By: Jeff Durham - Updated: 1 Apr 2013 | comments*Discuss
 
Company Pension Schemes Pensions Group

Provided your earnings are more than the National Insurance lower earnings limit (£87 in tax year 2007-8) and where a company consists of at least 5 employees your employer is usually obliged to offer you the chance to join their company pension scheme. They must give you access to a stakeholder pension unless they can offer you either an occupational pension scheme or another alternative pension provision.

Stakeholder pensions must only consist of low minimum payments where you can make contributions from as little as £20. It must also provide the flexibility for you to pay in when it suits you and the amount the pension provider is able to charge you in annual management fees must be restricted and capped.

If your employer is obliged to offer you a stakeholder pension, it must enable you to make your contributions directly from your wages via the company’s payroll. Your employer is not compelled to contribute anything into the scheme themselves or to pay any administration charges imposed by your pension provider.

Group Personal Pensions

Your employer may also arrange for a pension provider to set up a personal pension arrangement through your place of employment. Personal pension schemes of this nature are referred to as ‘Group Personal Pensions’ (GPP). There can be several advantages of joining a GPP which has been arranged by your company.

Firstly, your employer will usually make contributions towards your pension and if they have offered it as an alternative to a stakeholder pension, then they have to contribute an amount equal to at least 3% of your basic salary. If your employer has made contributions and you subsequently leave the company, you do not lose any money from the contributions your employer has made. They will also deduct the money from your pay and send it on to the pension provider on your behalf.

As it is a group pension scheme, your employer may be in a position to negotiate more favourable terms than you would normally be able to obtain yourself as an individual, e.g. your employer can often negotiate a reduction in administrative costs. Usually, there is also more flexibility in that you can maintain contributions to your pension scheme if you change employers.

Complaints About Your Pension Scheme

If you have a personal pension scheme, the company which sold it to you should have procedures in place if you decide to make a complaint. You should follow these procedures in the first instance by getting in touch with the pension provider who sold you the plan.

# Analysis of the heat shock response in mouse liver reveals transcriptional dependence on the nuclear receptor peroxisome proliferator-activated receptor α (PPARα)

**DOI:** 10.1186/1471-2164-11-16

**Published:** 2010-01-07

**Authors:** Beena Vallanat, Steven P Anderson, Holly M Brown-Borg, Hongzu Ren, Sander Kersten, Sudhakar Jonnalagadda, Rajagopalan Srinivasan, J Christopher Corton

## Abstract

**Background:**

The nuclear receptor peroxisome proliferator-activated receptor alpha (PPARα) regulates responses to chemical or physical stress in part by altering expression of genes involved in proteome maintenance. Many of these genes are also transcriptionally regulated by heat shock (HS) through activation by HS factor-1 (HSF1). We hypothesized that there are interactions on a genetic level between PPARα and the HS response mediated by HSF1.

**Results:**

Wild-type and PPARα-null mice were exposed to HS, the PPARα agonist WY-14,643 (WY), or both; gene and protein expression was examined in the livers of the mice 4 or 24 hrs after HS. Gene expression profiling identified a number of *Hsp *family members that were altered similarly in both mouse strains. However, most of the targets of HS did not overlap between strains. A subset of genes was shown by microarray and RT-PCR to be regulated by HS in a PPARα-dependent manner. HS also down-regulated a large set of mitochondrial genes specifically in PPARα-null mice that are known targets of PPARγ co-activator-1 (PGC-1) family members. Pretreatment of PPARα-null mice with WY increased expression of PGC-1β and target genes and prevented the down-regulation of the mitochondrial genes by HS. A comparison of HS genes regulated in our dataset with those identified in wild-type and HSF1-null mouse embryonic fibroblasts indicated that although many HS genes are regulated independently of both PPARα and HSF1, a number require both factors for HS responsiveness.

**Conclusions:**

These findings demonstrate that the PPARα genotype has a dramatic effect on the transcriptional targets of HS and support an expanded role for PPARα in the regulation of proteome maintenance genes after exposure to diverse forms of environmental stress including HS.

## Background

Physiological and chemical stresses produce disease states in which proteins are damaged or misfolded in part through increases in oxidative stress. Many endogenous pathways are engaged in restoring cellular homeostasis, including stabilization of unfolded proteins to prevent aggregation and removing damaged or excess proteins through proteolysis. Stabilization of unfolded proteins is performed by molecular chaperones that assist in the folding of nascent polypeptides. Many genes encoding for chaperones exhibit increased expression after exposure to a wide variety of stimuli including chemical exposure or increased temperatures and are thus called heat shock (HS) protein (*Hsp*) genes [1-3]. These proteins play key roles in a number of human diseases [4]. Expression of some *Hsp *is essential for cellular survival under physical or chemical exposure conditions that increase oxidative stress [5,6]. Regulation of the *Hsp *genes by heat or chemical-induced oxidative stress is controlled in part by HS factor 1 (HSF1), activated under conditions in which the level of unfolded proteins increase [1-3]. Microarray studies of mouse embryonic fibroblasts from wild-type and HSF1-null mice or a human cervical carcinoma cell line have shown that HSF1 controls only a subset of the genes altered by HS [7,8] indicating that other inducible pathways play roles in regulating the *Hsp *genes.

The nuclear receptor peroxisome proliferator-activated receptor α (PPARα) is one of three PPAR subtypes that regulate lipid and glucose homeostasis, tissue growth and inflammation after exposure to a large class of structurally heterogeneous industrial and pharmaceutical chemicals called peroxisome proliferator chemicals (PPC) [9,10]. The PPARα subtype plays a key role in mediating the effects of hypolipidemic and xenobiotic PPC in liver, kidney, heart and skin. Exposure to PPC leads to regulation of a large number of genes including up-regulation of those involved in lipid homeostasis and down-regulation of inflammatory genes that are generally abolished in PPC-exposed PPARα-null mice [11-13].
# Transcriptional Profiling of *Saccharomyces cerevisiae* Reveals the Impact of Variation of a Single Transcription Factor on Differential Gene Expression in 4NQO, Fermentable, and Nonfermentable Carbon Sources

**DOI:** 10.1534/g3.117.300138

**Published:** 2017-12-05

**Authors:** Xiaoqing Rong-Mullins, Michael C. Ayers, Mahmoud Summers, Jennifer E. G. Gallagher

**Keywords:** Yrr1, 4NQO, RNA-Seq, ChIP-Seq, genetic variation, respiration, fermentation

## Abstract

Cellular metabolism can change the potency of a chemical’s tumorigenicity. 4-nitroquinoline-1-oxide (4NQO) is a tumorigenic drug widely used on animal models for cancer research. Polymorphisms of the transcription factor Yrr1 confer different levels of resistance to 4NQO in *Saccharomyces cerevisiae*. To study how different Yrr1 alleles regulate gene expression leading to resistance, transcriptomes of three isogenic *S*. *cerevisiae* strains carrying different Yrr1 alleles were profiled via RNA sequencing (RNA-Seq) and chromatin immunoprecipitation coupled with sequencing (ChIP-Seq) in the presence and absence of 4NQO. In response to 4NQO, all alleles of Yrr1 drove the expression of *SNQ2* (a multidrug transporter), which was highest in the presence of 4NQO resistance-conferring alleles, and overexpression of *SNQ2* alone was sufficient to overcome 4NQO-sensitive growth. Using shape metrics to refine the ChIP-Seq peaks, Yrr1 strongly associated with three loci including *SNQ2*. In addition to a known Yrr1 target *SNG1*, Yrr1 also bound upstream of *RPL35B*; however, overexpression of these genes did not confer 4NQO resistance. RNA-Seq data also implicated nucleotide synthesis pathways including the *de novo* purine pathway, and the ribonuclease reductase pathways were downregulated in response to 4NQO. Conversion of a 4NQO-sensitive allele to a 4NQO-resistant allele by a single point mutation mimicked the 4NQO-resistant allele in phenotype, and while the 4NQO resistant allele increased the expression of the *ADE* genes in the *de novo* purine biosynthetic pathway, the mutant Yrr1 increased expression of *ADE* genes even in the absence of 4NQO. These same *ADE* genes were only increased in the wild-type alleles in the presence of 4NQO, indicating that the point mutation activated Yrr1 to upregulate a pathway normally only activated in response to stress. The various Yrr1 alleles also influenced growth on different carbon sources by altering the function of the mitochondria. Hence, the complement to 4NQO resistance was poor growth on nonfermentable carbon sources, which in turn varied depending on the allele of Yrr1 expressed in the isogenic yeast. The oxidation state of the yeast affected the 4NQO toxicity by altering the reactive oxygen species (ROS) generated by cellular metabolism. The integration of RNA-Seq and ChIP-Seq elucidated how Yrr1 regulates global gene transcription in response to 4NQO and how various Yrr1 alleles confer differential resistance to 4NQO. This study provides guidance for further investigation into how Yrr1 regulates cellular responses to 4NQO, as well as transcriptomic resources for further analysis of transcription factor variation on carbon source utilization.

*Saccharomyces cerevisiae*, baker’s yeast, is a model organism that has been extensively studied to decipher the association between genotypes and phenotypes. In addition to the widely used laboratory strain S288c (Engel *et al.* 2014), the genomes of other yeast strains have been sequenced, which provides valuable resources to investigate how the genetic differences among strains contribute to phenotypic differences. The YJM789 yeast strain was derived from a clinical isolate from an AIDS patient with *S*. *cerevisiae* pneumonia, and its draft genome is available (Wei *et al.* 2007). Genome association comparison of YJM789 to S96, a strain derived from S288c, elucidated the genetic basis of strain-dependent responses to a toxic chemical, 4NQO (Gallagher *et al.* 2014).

Similarly, with company pension schemes – a formal complaints procedure is required by law. If you are still not satisfied with how your complaint is dealt with, you can take it up with the Pensions Advisory Service. Their network of voluntary pension professionals can help anybody with a dispute or complaint about their pension arrangement and the service is free.

If they believe you have a case, you will be referred on to the Pensions Ombudsman or the Financial Ombudsman Service who investigate cases where people have been mis-sold pension schemes. They would deal with complaints where a person feels the pension they were sold did not suit their circumstances or where a person wasn’t warned that the amount of money the pension would pay out is not guaranteed.

If your pension scheme administrators have broken the law or breached the regulations governing their conduct, you can ask for them to be investigated by the regulator. For company pension schemes, this is the Pensions Regulator and for personal pensions, it’s the Financial Services Authority (FSA).

Getting Compensation

The Pension Protection Fund (PPF) can take responsibility for your company pension if the company administering it becomes insolvent and it doesn’t have enough money to pay your pension. However, the scheme must not have begun winding up before 6 April 2005.

If your personal pension scheme is not being paid because a financial firm goes out of business and can’t pay the money it owes you, or if you have lost money because you have been wrongly advised by an authorised financial adviser, you might be able to get compensation from the Financial Services Compensation Scheme (FSCS).